The 25th anniversary of the 1985 Chicago Bears Super Bowl team brings together notorious adversaries Mike Ditka and Buddy Ryan.
The most indelible memory of the 1985 Chicago Bears championship team is perhaps the most sugarcoated: the awkwardly funky flow of “The Super Bowl Shuffle.” Forgotten in a fog of nostalgia over the years is some of the monstrousness of those Monsters of the Midway, namely the acrimonious relationship between head coach Mike Ditka and defensive coordinator Buddy Ryan. On Friday 5, those two historic rivals, along with the rest of the Bears’ Super Bowl–winning squad, will gather in the Arie Crown Theater to reminisce and mark the 25th anniversary of that storied season.
It’s not unreasonable to expect fireworks. NFL.com named the Ditka-Ryan power struggle the No. 3 rivalry in league history. “I don’t want to take anything away from the offense, but, uh, we probably could’ve done it without them,” Ryan, then head coach of the New York Jets, said disparagingly of the ’85 team, whose dominant defense often kept teams scoreless. Ditka’s take on Ryan? “Empty tin cans make the most noise,” he once told a reporter, “and he’s an empty tin can.” This reunion is football’s equivalent of Israel and Palestine getting together to shoot the shit.
“We’re all going to say whatever we want to say,” Ditka tells me one recent afternoon over a bowl of soup at his River North steakhouse. Though he’s 71 and graying, Iron Mike and his moustache look as robust as ever. “Nothing will be choreographed.” If Ditka’s being straight—that the gathering won’t be a dewey-eyed hug-fest—it’s only a matter of time before someone brings up the infamous Miami game, the ’85 Bears’ only loss.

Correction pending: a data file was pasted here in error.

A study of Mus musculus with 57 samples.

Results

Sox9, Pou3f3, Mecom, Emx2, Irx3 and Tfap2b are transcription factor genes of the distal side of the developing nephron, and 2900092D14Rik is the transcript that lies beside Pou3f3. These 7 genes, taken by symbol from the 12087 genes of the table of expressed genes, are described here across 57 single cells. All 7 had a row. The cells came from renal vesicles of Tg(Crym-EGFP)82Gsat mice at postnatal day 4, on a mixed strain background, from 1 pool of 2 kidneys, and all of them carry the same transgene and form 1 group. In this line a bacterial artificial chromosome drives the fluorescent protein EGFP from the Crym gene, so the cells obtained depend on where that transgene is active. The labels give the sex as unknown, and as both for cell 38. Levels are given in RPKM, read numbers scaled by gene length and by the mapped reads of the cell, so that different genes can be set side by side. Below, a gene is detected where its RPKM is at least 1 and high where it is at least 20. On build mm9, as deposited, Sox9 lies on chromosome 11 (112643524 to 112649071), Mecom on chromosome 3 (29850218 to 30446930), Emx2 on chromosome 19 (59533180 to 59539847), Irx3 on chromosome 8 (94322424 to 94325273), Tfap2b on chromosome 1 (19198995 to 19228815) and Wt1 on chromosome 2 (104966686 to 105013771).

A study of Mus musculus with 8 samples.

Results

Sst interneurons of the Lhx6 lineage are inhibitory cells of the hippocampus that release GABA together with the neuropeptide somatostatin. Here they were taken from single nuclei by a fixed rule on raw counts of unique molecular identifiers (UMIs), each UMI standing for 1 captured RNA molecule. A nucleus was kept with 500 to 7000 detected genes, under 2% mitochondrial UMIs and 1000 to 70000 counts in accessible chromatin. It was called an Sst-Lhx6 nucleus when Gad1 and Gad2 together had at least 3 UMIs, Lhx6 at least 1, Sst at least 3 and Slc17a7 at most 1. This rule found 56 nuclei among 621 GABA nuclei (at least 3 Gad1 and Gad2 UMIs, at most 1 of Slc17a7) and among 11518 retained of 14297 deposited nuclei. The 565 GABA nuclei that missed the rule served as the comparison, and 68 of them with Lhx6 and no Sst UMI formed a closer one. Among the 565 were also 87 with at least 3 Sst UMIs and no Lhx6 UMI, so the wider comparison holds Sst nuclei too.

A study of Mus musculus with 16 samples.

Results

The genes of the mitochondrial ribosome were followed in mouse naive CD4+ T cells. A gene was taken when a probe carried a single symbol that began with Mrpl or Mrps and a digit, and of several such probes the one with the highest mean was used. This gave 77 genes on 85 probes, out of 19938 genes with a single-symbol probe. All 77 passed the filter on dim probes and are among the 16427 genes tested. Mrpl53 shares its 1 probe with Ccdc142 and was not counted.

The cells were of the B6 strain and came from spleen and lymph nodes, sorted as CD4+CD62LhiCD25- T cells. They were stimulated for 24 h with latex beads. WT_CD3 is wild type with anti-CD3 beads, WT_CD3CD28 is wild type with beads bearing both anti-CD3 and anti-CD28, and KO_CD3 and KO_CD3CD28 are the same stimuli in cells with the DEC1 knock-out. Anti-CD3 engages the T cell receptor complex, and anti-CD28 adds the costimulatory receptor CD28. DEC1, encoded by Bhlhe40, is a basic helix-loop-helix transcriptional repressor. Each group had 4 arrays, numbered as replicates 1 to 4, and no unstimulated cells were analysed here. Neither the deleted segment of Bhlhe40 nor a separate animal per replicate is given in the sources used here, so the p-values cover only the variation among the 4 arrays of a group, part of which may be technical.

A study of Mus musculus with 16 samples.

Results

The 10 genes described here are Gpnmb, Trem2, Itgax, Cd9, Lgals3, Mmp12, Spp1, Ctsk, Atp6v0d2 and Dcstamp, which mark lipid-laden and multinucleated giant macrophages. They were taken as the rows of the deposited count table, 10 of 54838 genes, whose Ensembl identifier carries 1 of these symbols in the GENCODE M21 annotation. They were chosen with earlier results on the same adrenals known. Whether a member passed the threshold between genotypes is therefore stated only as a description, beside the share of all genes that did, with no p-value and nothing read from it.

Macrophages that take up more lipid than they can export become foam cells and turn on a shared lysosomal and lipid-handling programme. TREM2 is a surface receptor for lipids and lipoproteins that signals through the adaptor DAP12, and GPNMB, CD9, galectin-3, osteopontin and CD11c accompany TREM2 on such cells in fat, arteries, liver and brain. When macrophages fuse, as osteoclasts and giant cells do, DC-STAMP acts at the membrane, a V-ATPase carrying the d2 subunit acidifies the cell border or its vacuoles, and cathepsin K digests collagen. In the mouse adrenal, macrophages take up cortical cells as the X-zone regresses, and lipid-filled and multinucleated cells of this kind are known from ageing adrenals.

It was halftime of that December Monday-nighter when the brewing hostilities between Ditka and Ryan came to a head. Ryan assigned a linebacker to cover the Dolphins’ third wide receiver, despite Ditka’s insistence that a quicker defensive back be slotted. In his eponymous 1986 autobiography, the head coach recalls his terse words to Ryan: “‘Kiss my ass. Get somebody out there that can cover him,’ I said.… When we got into the locker room, I said [to Ryan], ‘We can do it any way you want to do it. We can go right out back and get it on or you can shape your ass up.’?”
When Ditka was hired by Bears founder and then-owner George Halas in 1982, there was one prickly caveat: He had to retain Ryan. “I got the head job and Buddy probably thought he should have it,” Ditka tells me. He maintains Ryan never respected his authority. (Ryan wasn’t able to be reached for comment.)
“Buddy—being a bit stubborn—knew he didn’t owe his job to Mike Ditka,” explains ’85 Bears safety Gary Fencik over the phone last week.
“They bitched and screamed back and forth,” recalls placekicker Kevin Butler. “It created internal competition: Who’s gonna outshine who this week, offense or defense? And it worked. Neither of them won a championship after they split up.”
“Time heals things, and I think Mike and Buddy just have to look back and smile,” says Brian McCaskey, the Bears’ senior director of business development who was a trainer on the ’85 team. (His mother, Virginia Halas McCaskey, owns the team.)
Back at his restaurant, Ditka sets aside his soup spoon for a moment to reflect on Ryan. “We didn’t have the most cordial relationship when we coached, but we honestly couldn’t have won without him,” Da Coach allows. “Buddy and I won together and we’ll get back together. It will be good to see him.”
The 1985 team reunites for Glory Days: Legends of the Chicago Bears at the Arie Crown Theater (2301 S Lake Shore Dr, 312-791-6000) on Friday 5 at 6pm. Tickets ($49–$199) are available at glorydayschicago.com.